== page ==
Mexican restaurant chain, Chipotle, closed its doors for an entire day earlier this month as part of a nationwide food safety crackdown, with all of its staff expected to attend a safety presentation at hotels, theatres and conference venues across the country. But why?
Chipotle has made headlines on several occasions over the past twelve months — and for all the wrong reasons. The restaurant has suffered a series of high-profile norovirus outbreaks both in the UK and the US, prompting many to question the brand’s food safety policy and its on-going risk management.
After being slammed by the media for the most recent bout of norovirus contracted in one of its seven UK-based stores, Chipotle’s managerial staff thought it time to take immediate action, scheduling an urgent food safety meeting to update its staff on new food safety procedures.
According to Chipotle’s Co-CEO, Monty Moran, two out of the four most recent incidents were caused by norovirus outbreaks. Norovirus typically occurs as a result of a staff member falling ill whilst at work, subsequently so much of the presentation centred around the importance of staying off work when ill or vomiting.
However, the norovirus incidents at the beginning of 2016 were nothing compared to the events of October 2015, in which one Chipotle customer in the US contracted E.coli food poisoning as a result of eating undercooked meat. This serious food safety infringement has led to a decline in sales across all Chipotle chains, a fact which contributed to the firm’s management choosing to shut up shop at the beginning of February.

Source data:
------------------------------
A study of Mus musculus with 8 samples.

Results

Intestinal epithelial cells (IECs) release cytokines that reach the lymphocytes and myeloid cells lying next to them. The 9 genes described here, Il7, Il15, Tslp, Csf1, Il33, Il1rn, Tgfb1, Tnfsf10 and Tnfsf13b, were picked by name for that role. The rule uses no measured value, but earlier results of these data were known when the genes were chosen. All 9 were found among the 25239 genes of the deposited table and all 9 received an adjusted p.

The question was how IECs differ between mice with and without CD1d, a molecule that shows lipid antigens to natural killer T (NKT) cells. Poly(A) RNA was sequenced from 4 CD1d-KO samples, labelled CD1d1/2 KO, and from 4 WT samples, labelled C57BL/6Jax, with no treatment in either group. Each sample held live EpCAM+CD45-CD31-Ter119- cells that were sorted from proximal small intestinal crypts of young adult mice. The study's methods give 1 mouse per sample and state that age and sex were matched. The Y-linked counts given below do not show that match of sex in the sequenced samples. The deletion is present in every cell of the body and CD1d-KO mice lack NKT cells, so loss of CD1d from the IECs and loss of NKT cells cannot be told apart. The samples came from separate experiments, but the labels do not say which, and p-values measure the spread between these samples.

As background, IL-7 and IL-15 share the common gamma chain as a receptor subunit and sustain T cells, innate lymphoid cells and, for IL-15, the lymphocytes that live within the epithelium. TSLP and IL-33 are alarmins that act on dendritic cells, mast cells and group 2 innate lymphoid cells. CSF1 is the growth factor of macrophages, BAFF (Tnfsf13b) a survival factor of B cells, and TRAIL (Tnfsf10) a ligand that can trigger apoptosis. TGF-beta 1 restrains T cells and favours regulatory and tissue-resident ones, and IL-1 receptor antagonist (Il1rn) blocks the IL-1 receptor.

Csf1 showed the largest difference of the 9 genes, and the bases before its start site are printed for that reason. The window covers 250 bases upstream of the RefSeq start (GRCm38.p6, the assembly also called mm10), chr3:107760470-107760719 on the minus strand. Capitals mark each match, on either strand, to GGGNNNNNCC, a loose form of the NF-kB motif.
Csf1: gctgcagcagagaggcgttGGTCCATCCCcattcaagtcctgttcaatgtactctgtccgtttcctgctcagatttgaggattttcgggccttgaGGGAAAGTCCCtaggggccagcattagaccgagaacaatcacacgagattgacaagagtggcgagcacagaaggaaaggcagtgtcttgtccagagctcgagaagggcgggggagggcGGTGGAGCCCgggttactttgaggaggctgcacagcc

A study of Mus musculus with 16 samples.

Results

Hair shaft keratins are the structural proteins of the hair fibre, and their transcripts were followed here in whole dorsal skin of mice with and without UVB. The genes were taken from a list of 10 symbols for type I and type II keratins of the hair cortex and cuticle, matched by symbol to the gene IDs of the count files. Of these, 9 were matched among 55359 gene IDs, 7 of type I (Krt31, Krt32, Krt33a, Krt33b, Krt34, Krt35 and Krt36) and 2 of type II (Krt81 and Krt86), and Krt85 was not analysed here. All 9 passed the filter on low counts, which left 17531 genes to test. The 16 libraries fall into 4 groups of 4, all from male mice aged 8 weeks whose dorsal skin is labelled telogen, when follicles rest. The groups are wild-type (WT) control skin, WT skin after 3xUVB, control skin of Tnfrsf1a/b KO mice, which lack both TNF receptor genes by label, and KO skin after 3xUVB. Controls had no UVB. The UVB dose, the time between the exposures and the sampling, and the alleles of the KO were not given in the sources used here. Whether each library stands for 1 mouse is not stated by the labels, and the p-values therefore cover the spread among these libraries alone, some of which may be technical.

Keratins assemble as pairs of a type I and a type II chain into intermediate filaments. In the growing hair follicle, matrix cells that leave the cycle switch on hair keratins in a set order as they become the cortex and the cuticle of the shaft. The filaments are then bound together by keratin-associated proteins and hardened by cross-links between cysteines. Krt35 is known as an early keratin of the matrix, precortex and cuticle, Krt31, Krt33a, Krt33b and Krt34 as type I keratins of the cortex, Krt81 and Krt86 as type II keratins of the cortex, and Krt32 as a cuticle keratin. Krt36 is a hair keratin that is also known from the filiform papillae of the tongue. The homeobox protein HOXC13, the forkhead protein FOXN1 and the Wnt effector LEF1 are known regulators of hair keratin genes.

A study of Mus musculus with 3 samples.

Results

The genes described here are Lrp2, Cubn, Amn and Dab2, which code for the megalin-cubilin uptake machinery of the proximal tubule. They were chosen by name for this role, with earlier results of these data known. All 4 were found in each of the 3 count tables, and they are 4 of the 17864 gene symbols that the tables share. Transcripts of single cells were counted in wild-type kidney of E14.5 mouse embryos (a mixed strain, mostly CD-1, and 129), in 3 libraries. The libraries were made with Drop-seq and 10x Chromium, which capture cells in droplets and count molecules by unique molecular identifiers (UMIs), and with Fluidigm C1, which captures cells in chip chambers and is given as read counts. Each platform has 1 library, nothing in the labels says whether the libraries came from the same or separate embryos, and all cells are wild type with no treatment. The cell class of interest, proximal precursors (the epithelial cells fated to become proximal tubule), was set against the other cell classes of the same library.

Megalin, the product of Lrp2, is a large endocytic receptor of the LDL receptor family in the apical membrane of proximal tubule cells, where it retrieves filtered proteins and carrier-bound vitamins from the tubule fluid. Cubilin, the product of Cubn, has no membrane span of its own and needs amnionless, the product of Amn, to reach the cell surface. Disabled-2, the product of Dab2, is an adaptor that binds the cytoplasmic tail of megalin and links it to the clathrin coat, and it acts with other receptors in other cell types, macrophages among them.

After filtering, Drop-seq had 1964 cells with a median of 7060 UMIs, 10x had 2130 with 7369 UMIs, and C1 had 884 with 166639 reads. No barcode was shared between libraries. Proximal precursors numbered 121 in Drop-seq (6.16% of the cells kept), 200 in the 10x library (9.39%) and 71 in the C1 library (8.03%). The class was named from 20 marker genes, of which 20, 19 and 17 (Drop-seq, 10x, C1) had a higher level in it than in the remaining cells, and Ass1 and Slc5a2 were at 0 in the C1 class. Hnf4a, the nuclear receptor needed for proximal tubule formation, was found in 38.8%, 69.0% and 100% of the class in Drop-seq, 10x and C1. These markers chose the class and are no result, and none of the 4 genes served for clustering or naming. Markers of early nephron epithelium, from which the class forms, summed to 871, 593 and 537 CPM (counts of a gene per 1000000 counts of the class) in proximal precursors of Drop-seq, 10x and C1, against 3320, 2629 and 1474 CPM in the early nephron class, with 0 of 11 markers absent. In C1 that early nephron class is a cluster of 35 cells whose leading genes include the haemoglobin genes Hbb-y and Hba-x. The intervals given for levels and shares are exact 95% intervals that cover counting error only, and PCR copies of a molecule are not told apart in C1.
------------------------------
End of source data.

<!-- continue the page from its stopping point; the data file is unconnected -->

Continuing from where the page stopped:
Commenting on Chipotle’s recent fall in profit and poor financial performance, Steve Ells, chairman and founder of Chipotle, said the “fourth quarter of 2015 was the most challenging period in Chipotle’s history,” and that the firm is now resolutely focussed on reducing its food safety risk “to a level as near to zero as possible” by 2017.
Chipotle, which operates over 2,000 stores in the US, UK and Germany, was founded in Denver, Colorado in 1993, and specialises in Mexican-style burritos, tacos and salads. It’s not yet known whether the firm will be able to totally recover from the recent food safety infringements, with the most recent financial report forecasting gloomy times ahead for the once-loved chain.
Chipotle’s misfortunes highlight the fundamental importance of a stringent and comprehensive approach to food safety compliance — no matter how small or large your organisation. At Shieldyourself, we specialise in helping businesses across the hospitality sector achieve full food safety compliance, and have a proven track record in facilitating appropriate food safety measures for several major food chains, including Yo! Sushi.
To find out more about how we can help your business achieve full food safety compliance, visit our homepage or call us on 020 3797 2311.